This is an article that appeared in the Daily Telegraph.https://volunteerfirefighters.org.au/it ... hxZV76LDkY
Adding Fuel to the Fire
No one is denying the gravity of what people and firefighters have been through now, but it is no use gilding the lily here.
You can’t have a fire without fuel.
Two factors above all else come into play here.
In NSW, when Bob Carr was the minister, and later premier, he ratified moves to have fire trails abandoned.
Carr’s moves prevented access to those fire trails by the Rural Fire Service, under the pretext he was keeping four 4WDs and campers out.
The government (and how many problems that we face today are created by government?) put locked gates on these national parks and planted big rocks at the entry to the fire trails.
Understandably, the fire trails are now overgrown with regrowth forest, impenetrable to everybody except native and feral animals.
Yet it was these fire trails that enabled the fire fighters to get to the heart of a fire.
They could then create back burning and land clearing.
Fire fighters could mobilise earth-moving equipment and successfully put the fire out.
In those days, water bombing wasn’t in vogue.
It wasn’t necessary and, anyway, it was too expensive. The fire trails were “fit for purpose”.
Today, the fire fighters know they are hopelessly limited by where they can gain access to the fires. They have to rely on very expensive water bombing strategies.
The greenies, of course, endorse this strategy.
Except that they, disturbingly, prefer the use of freshwater, which we don’t have, over salt water in putting out bushfires.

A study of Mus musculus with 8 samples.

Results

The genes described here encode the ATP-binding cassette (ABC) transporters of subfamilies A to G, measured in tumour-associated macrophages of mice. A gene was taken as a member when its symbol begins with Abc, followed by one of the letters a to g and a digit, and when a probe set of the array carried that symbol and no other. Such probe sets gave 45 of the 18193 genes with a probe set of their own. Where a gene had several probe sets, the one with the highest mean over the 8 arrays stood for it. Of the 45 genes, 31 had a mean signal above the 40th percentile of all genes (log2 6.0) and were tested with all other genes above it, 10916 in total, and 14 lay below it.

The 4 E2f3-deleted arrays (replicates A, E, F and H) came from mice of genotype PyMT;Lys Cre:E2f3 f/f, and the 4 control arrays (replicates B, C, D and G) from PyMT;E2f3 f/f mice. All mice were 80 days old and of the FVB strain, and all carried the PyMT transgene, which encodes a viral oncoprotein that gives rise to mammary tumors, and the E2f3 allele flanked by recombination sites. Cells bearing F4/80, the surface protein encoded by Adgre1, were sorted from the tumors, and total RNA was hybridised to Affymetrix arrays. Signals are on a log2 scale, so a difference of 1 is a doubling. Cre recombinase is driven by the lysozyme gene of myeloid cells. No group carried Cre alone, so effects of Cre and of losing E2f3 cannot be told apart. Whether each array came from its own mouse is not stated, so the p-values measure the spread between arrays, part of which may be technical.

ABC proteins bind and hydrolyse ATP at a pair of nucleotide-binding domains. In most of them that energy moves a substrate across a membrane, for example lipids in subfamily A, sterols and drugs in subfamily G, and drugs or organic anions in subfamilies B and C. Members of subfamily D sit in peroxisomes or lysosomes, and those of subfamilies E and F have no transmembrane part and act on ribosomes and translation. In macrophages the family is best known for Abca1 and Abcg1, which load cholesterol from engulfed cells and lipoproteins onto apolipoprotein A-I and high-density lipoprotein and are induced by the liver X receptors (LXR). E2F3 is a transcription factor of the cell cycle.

And that is allegedly to “protect” the environment.
What is all this ‘protect the environment’ hypocrisy? When have we seen any Greens MP, Zali Steggall, Adam Bandt, Sarah Hanson-Young and their leader, Richard Di Natale, line up alongside Tony Abbott to fight the fires?”
Then-senator John Williams said in 2013, “The problem in our national parks is that we have these savage fires with huge amounts of fuel per hectare; we are killing the trees, we’re killing the animals, we’re killing the koalas and anything else that lives in these areas and we call it conservation …”
You and I would call it destruction.
I repeat, you cannot have a fire without fuel.
Re-Learn to Burn
When you think there are seven million hectares of national parks in NSW alone, 200 of them in Sydney, and yet hazard reduction burns have occurred on less than 1 per cent of fire-prone land, then we are staring at a potential inferno.
This has nothing to do with climate change.
Dr Paul Read, co-director of Australia’s National Centre for Research in Bushfire and Arson, puts the number of bushfires in Australia per year at, on average, “62,000 and increasing”.
Of those, 13 per cent are started deliberately and 37 per cent are suspicious. That means 31,000 Australian bushfires are either the product of arson or suspected arson, every year. That means that up to 85 bushfires begin every day because someone leaves their home and decides to start one.
Local governments are being blamed for all of this, but they have no power to even lift a fallen tree or remove a broken branch.
If they want to back-burn or reduce the fuel on the forest floor, they must get permission from state government and jump through endless hoops.
That is, if local government want to reduce the fire hazard.
Indigenous Australians knew how to deal with fire. We have learnt nothing from them. The problem is simple. There is too much fuel on the floor and we cannot get at it.
Arguing that we need more water bombers, and we will have to buy them from overseas, is attacking the symptom, not the disease.